21 paths...

30
SEP
2013

How to Not Burn Out

“I just can’t do it anymore.”

People burnout everywhere, in every field. They burn out professionally. They burn out in taking care of others. I live in Los Angeles and I can understand how just driving a car can burn someone out in this level of traffic.

No one plans to burn out. Maybe they do have a little awareness that they’re going down that road, though.

We have a level of control over where we place our attention, as well as our effort. If you’re worried you’re burning out, consider preventing it.

There’s two parts, I believe, to preventing burnout.

For the first, I’d like to borrow from a simple model I first heard from Dr. Christine Moutier (a psychiatrist and former supervisor of mine at UCSD), modified a bit here. Imagine a gas tank. It’s feeding an engine. That engine is you. If the engine shuts down, you shut down.


We don’t want the engine to stop, so we need to fill the tank. It has to be filled faster than it’s losing gas. In life we each have our strategies to fill the tank. Sleep. Food. Socializing. Rest. Sex. Yoga. Watching TV. Meditation. Talking to people.  Exercise. Make a note of your ways to fill the tank, and note what others do, since one way might not be enough. One way might not be able to fill it fast enough.  It’s for your own well-being.

On the other side, look at the size of the hole that gas is leaking out of. This is the effort we put out into the world. We can try to narrow the hole, to hold back. That may be effective, to a degree. If done too much, it leads to apathy. The hole can’t ever be completely plugged up, in a normal life.

It’s not a particularly complex model, I’ll give you. Yet really smart people neglect themselves all the time. They think their tank will never run out, as if there’s a secret reservoir somewhere. Running on empty hurts the engine. So the first step is to keep the tank filled.

The second part of not burning out is to Not Overextend. We all have projects we’re asked to be involved in, whether that be something at work or even fixing up something in the house. Or maybe it’s arranging an event for family or friends. Presuming this is not a startup business that is your idea, ask yourself – how much am I putting into this? How much are the other people putting into it?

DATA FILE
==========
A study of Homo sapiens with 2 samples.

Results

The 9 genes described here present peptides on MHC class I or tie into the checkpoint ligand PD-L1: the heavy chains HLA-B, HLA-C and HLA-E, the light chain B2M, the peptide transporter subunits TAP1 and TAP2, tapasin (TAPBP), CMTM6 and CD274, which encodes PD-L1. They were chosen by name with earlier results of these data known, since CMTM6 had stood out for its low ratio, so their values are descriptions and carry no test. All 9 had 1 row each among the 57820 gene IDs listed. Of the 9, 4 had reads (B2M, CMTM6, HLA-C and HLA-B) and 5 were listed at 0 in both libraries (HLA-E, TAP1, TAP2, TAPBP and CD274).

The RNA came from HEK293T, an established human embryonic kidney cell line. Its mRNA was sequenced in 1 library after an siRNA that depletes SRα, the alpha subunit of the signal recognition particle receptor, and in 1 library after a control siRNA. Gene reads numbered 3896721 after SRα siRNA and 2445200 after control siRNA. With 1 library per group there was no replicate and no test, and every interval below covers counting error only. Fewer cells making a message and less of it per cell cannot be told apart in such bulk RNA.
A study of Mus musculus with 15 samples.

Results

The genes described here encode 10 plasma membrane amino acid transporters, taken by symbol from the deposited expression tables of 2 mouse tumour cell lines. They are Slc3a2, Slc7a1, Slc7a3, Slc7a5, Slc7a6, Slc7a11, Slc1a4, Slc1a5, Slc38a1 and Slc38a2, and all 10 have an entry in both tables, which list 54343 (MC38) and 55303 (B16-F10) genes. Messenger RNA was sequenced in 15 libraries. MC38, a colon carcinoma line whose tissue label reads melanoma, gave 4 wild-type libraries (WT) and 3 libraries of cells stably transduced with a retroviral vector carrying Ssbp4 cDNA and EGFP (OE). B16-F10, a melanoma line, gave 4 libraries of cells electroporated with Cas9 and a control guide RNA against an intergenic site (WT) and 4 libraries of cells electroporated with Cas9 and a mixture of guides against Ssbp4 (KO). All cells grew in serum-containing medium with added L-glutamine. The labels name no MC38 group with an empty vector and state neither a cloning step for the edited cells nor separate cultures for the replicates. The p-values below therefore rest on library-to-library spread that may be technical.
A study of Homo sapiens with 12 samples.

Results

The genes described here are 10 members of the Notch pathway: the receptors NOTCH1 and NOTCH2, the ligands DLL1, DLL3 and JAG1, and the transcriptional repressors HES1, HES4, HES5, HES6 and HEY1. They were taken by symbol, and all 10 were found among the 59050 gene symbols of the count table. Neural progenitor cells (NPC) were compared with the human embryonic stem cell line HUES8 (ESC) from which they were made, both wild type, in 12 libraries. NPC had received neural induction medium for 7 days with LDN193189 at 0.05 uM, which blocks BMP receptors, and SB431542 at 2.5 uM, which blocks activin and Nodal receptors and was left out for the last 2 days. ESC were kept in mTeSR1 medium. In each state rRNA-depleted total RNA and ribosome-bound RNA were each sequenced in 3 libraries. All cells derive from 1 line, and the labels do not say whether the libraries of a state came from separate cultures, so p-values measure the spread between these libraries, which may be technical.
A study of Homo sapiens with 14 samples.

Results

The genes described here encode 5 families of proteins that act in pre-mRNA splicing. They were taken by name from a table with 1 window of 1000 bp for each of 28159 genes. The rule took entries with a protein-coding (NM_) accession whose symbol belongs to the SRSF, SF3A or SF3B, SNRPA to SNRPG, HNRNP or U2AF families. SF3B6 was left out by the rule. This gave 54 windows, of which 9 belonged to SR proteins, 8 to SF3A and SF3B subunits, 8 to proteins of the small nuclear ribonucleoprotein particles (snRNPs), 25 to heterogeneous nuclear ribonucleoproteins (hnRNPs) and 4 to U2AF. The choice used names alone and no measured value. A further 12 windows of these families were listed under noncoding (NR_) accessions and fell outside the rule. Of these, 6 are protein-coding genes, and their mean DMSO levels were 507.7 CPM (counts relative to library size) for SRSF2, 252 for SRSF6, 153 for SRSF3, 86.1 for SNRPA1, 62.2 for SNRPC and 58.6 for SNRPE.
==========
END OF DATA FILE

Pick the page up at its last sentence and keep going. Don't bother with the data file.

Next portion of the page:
Here’s the key: If you’ve been asked to do this project by someone else, and you decide to invest a lot of time/energy in it, make sure the other person is as invested in it as you.  The plan, the approach, and if possible, the energy/time.  If you’re thinking up a lot of aspects of it, make sure the other person agrees along the way, or has as much skin in the game.

Let’s say I’m asked by my wife to plan a party for our friends. I put a lot of time into planning and arranging it, and then my wife tells me she doesn’t like what I did. I devoted hundreds of hours into the project, she devoted none. My response to any criticism she might have is anger and wanting to quit and disconnect. I would feel burned out. Such is the way when only one party in a group does most of the work, and the other critiques or doesn’t support it.

Now in many situations the division of labor is unavoidable. One side will do more work than the other. Chances have to be taken. When they are done with open eyes, though, the disappointment may be less.We can clarify the point, then, that the other party needs to buy into the plan at least. Don’t overdo it expecting the other party to be wowed by the amount of time you’ve put into it. What if they aren’t? You may end up apathetic and withdrawn. Check in with them frequently, to get their buy-in on the approach, so they won’t be surprised, and you won’t be surprised. And finally, try to discern endeavors that might not be worth the investment.

About the Author
Dr. Puri is a board certified psychiatrist, in private practice in Los Angeles. He practices multiple forms of psychotherapy, including hypnosis, in addition to managing medications. He attended medical school at University of Rochester, and specialty training at University of California, San Diego. He is currently on the Vol Clinical Faculty at UCLA. In his non-clinical time he writes TV pilots, and designs iphone apps.